By Phil Ellerby

People do not buy products and services. They buy solutions and benefits.

No-one knows your product, its features and its benefits better than you.

So why waste a prospective client’s time with meaningless chit-chat? You just want to crack on and launch straight into your sales pitch or presentation.

Well, you shouldn’t – and here’s why:

Customers don’t care about your products. They care about their problems and they want solutions.

Even if your generic presentation paints your product or service as a must-have commodity for that particular prospect, it’s still not going to portray it as a solution.

Why? Because you haven’t taken the time to understand their problems or investigated the customers’ needs. Instead, you’ve started talking about how you can ‘solve’ generic issues. But how do you even know if these are issues they’re facing?

Salespeople who launch straight into their off-the-shelf pitch without finding out what their customers ACTUALLY want usually do so for three reasons:

  • They’re winging it
  • That’s all they know how to do
  • They don’t have a strategic sales framework to follow

Before saying anything about your product or service, it’s important to find out what you’re selling. If you don’t know, do some digging.

This is what you are NOT selling:

  • The product your company makes
  • Whatever services you offer
  • Some cool feature your product has
  • How inexpensive it is
  • The convenience of your product or service
  • What you get paid commission on!

If we’re honest, almost anyone can learn how to make a sale. They might not make it in record time or at a profit, but they can make the sale.

The key to generating sales consistently (up to and beyond your plateau) is to find out EXACTLY what your customers want. Then show them and explain to them how your product or service can fulfil that need. Doing this is often referred to as ‘benefit selling’.

What is benefit selling?

Benefit selling is a technique where the seller ties every feature of their product or service to an advantage or benefit that the customer needs or thinks is desirable.

But before you can find out ‘what to sell’ you MUST gather information on the following four categories:

Need: Asking open ended questions like ‘What’s the biggest problem with the current method you’re using?’ and ‘What will happen if this problem is not addressed?’ will help to uncover problems that your products and service can ‘solve’ when sold.

Personal Issues: Always ask your potential customer ‘What’s at stake for you if you achieve this goal?’ because it can help you work out their personal and professional attachment to the buying decision and why is it important.

Money Issues: Don’t be afraid to ask ‘What kind of budget do you have for this project?’ or ‘How would you justify a purchase like this?’ because it lets you find out how they will justify the purchase commitment.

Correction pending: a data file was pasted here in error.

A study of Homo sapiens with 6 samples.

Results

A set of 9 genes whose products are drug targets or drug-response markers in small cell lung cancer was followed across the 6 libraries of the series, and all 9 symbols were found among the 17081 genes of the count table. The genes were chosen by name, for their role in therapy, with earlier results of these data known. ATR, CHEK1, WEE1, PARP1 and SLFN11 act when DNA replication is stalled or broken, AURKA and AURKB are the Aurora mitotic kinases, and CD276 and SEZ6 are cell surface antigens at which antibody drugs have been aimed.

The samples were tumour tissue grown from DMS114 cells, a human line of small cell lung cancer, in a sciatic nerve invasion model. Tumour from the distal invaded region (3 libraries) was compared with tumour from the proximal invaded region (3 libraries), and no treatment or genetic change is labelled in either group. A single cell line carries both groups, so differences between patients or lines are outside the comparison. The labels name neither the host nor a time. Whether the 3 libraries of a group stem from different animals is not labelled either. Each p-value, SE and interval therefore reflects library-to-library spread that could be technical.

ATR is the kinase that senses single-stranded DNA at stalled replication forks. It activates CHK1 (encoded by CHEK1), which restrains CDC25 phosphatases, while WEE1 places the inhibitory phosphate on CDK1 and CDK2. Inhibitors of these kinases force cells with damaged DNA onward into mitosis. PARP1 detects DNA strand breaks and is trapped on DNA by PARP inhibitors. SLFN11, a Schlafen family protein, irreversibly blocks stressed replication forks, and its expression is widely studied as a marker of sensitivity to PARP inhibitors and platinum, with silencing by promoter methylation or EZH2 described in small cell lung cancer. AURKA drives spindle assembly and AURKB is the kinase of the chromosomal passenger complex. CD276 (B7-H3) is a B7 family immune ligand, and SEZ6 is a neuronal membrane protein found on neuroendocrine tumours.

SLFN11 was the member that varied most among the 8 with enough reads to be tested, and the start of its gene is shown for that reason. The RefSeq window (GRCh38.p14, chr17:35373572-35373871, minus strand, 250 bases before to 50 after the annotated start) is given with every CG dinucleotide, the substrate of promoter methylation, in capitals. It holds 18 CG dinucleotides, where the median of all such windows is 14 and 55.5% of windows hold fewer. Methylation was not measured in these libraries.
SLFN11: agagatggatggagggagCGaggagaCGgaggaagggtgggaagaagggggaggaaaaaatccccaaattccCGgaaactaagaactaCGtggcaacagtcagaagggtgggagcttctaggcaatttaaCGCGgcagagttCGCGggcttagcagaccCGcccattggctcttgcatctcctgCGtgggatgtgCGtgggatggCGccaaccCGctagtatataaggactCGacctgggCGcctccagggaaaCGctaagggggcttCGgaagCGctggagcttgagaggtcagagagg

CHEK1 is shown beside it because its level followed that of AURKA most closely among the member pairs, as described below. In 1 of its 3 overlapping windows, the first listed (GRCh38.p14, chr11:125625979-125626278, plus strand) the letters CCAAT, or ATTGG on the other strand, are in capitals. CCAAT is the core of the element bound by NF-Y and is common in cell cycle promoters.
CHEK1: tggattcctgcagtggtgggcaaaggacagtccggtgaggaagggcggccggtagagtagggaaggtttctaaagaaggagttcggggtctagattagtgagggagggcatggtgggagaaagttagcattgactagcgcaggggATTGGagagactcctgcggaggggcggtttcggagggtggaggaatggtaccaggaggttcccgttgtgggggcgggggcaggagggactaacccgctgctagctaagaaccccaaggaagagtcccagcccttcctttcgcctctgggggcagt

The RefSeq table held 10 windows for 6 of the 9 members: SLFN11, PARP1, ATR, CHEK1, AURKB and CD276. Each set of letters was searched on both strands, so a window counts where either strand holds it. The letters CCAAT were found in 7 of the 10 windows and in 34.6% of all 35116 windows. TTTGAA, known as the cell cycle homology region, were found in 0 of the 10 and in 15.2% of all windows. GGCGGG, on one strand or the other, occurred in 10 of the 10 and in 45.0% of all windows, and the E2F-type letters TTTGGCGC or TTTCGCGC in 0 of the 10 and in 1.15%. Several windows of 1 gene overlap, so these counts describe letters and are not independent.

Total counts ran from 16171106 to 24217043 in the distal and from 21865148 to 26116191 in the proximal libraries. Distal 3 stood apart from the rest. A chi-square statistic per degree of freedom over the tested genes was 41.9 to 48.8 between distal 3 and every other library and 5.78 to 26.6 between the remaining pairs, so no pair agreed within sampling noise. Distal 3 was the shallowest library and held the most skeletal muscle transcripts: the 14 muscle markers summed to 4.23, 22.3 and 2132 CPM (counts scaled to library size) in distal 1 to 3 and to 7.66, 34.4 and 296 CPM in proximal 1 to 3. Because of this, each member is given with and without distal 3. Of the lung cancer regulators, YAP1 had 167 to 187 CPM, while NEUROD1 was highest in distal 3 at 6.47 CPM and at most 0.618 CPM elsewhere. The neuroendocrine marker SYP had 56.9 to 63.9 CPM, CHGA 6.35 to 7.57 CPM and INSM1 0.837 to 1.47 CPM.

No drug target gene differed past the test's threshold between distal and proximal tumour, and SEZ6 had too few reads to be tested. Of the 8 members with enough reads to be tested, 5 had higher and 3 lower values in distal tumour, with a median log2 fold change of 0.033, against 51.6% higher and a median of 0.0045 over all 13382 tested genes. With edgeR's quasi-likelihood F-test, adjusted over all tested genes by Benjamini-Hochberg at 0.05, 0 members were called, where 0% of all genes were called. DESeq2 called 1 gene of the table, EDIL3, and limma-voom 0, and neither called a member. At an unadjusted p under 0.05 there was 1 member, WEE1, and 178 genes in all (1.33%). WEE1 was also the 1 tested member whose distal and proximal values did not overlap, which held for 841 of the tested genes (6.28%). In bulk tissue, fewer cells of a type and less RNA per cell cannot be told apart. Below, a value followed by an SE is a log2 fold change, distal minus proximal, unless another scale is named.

Company Issues: Asking goal-related questions like ‘What target has your company set with regards to this?’ and ‘What will the impact be for your company if you’re a success?’ can help you obtain valuable information so that you can position yourself as a solution provider.

After gathering all of this information (which can be done formally or informally before or during the pitch), you’ll be well placed to present your product or service as a solution.

Now, instead of being one more alternative option in a sea of choice, you can target specific needs that your customer actually has.

This is what you COULD be selling:

  • A good time
  • More views
  • Improved customer service
  • Reduced churn rates
  • More leads
  • A lower cost per lead
  • An image or lifestyle
  • Peace of mind

Unfortunately, in our eagerness to find new sales opportunities, we sometimes forget what we are selling.

Adopting a coherent, unified, step-by-step approach to the sales process will prevent this from happening.

It will also make you think and come up with strategies about how to work out what must be accomplished in every sales pitch so that the process moves forward.

Remember, each sales scenario requires a different strategy. But in every case the product is NOT what the customer is buying:

The product or service you sell is simply a vehicle to something else.

Regardless of the industry or sector you operate in, being clear with your customer is one thing that’s very important.

Instead of selling products and services, sell them something of tangible value. Sell them a rock-solid guarantee. Sell them peace of mind. In fact, sell them whatever solution they really want!

However, if the value you provide at the heart of the deal cannot hold up today (and in years to come), your business isn’t really selling anything at all.

Improve your benefit selling now!

Does your business need to review it benefit selling techniques? If the answer is yes, please get in touch or call 0113 218 9552 and let us help!